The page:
BALTIMORE — Joe Girardi has used the same line over the years when a trusted reliever doesn’t get the job done, and he went to it again Sunday.
“They’re not going to be perfect.”
That was the case for Dellin Betances and Aroldis Chapman and, unfortunately for the Yankees, it occurred in a game they needed them to be. First Betances, then Chapman couldn’t finish things off, leading to a brutal 3-1 loss to the Orioles on a muggy afternoon at Camden Yards.
There was a 1-hour, 37-minute rain delay in the bottom of the eighth, interrupting what became the winning rally. The Yankees (26-30), who went 4-6 on the four-city trip, start a four-game series with the Angels at the Stadium Monday night.
“I just feel like that’s a game we should have won,” Brett Gardner said. “We scored one run, we have to do better than that. We had a chance to win the series and we kind of gave it away.”
Both offenses were mostly awful, each stranding 10 and going 3-for-22 with runners in scoring position. But the Orioles (32-23) came through when they needed to.
CC Sabathia battled command issues but grinded his way through five shutout innings. After he walked Chris Davis to start the sixth, Girardi brought on righthander Kirby Yates to face Nolan Reimold. Yates retired three straight, two on strikeouts, before giving way to Betances. The righthander, who has allowed at least one run in four straight outings, got out of the seventh, stranding Ryan Flaherty at third by striking out Manny Machado.
As apocalyptic clouds settled over the stadium, Betances started the eighth by walking Mark Trumbo, then allowing a hit to Davis. With the count full and the crowd roaring, Betances struck out Reimold on a 97-mph fastball. Girardi called for Chapman and crew chief Bill Miller called for the tarp.
The rain began falling no more than two minutes later.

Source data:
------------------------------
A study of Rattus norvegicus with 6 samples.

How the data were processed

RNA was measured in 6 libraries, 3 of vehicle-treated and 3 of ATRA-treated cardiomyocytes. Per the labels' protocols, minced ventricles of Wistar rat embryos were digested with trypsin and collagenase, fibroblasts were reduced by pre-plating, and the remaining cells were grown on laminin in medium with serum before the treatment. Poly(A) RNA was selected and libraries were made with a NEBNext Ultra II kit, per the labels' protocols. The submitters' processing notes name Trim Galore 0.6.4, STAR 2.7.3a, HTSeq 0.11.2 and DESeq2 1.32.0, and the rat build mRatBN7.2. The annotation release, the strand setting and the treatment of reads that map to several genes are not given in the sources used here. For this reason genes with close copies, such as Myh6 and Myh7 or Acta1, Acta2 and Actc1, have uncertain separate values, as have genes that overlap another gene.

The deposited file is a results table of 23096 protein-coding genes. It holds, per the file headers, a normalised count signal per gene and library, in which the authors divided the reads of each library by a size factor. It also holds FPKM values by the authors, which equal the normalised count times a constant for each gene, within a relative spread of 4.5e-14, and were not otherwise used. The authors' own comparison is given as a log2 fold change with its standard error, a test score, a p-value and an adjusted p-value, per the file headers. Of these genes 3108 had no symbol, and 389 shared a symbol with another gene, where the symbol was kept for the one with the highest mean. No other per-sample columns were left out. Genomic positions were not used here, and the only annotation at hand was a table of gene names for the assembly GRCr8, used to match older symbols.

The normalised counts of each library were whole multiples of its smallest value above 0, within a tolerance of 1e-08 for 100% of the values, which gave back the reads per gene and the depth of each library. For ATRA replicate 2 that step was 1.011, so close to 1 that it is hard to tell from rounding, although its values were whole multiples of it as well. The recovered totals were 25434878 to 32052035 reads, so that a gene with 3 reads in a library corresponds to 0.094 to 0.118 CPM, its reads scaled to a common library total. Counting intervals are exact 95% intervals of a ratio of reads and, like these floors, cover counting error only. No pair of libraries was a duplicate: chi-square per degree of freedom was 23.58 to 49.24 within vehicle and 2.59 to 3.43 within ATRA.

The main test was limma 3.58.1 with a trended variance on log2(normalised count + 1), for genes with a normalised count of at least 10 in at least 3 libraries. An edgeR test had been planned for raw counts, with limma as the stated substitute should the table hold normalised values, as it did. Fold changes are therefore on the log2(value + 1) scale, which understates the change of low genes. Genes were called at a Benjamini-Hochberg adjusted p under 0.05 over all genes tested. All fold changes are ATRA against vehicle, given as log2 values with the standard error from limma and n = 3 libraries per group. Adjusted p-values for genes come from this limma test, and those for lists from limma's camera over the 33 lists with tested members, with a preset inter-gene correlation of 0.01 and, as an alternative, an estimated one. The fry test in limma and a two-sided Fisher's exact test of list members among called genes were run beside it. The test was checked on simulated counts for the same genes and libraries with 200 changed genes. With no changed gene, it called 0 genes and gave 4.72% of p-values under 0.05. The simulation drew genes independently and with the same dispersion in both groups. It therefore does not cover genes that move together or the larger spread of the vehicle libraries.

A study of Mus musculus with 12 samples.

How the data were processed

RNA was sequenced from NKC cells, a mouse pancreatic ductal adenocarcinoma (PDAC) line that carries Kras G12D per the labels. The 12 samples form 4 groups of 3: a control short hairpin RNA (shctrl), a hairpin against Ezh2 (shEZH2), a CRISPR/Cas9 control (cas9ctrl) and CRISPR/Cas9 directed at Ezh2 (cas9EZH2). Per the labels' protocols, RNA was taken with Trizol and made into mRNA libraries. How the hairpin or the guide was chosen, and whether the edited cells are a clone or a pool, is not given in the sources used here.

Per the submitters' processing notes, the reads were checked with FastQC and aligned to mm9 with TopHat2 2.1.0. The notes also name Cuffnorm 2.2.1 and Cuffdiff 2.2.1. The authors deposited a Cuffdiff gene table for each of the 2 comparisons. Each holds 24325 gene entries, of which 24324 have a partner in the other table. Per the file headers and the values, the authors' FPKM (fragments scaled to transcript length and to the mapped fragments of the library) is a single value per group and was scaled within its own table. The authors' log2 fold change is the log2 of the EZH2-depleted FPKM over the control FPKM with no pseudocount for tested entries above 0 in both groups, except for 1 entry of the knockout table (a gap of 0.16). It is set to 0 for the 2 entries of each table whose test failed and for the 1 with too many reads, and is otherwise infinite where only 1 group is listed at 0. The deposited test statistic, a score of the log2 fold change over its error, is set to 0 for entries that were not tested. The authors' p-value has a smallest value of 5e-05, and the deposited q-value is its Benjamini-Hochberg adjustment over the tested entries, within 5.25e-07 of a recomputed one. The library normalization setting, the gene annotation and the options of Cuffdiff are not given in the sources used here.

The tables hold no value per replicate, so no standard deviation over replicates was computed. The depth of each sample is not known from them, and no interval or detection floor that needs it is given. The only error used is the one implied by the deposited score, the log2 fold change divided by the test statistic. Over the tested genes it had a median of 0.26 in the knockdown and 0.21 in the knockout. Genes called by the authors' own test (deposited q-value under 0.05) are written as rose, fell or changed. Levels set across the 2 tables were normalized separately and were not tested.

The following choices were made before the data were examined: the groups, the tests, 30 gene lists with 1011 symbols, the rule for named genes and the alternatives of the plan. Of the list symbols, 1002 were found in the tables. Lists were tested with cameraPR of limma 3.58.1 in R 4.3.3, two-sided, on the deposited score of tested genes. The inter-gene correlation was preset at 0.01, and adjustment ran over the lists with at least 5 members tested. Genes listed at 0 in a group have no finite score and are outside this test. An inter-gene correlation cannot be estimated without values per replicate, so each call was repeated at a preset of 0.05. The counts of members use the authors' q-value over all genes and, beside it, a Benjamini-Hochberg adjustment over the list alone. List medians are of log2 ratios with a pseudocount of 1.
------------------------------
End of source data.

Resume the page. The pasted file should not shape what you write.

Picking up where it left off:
“You don’t want to put your closer in that situation,” Betances said of turning things over to Chapman with runners on first and second. “I put him in a tough spot.” Betances (2-4) said there’s no physical reason for his slump.
When play resumed, Chapman struck out Jonathan Schoop on a 100-mph fastball. But Francisco Peña, the son of Yankees first-base coach Tony Peña, loaded the bases with a single to rightfield. Aaron Hicks charged the ball and bobbled it, but Trumbo held at third before Hicks made a strong, accurate throw home. Pinch hitter Matt Wieters fell behind 0-and-2 before singling up the middle. Two runs scored, and a third came across on Jacoby Ellsbury’s wild throw home — Chapman, to the irritation of Girardi, did not back up behind the plate.
When asked about the long delay, Chapman said, “I don’t think it affected me at all,” although he was forced to warm up twice. “I felt good.”
Of the 101-mph fastball Wieters banged into center, Chapman said: “I wanted to go with the high pitch. Unfortunately, it went down, and he hit it.” It was his first blown save in 10 chances as a Yankee.
Sabathia (3-4, 2.58 ERA) allowed two hits and six walks, matching a career high, in five-plus innings. He has a 0.87 ERA in his last five games, allowing 18 hits and 11 walks for a 0.94 WHIP.
The Orioles’ Kevin Gausman had at least one baserunner in each of his six innings but allowed only one run and seven hits. The run came in the third on a two-out single by Alex Rod riguez, who had three hits in Saturday night’s 8-6 victory.
“We have a good team in there, we know what we’re capable of,” Sabathia said of his club, which is 4-8 since reaching .500 May 24. “We just have to put it all together. We haven’t done that yet, but you see what we can do when we got on a roll to get back to .500. I’m confident we can get back to .500 and play well after that.”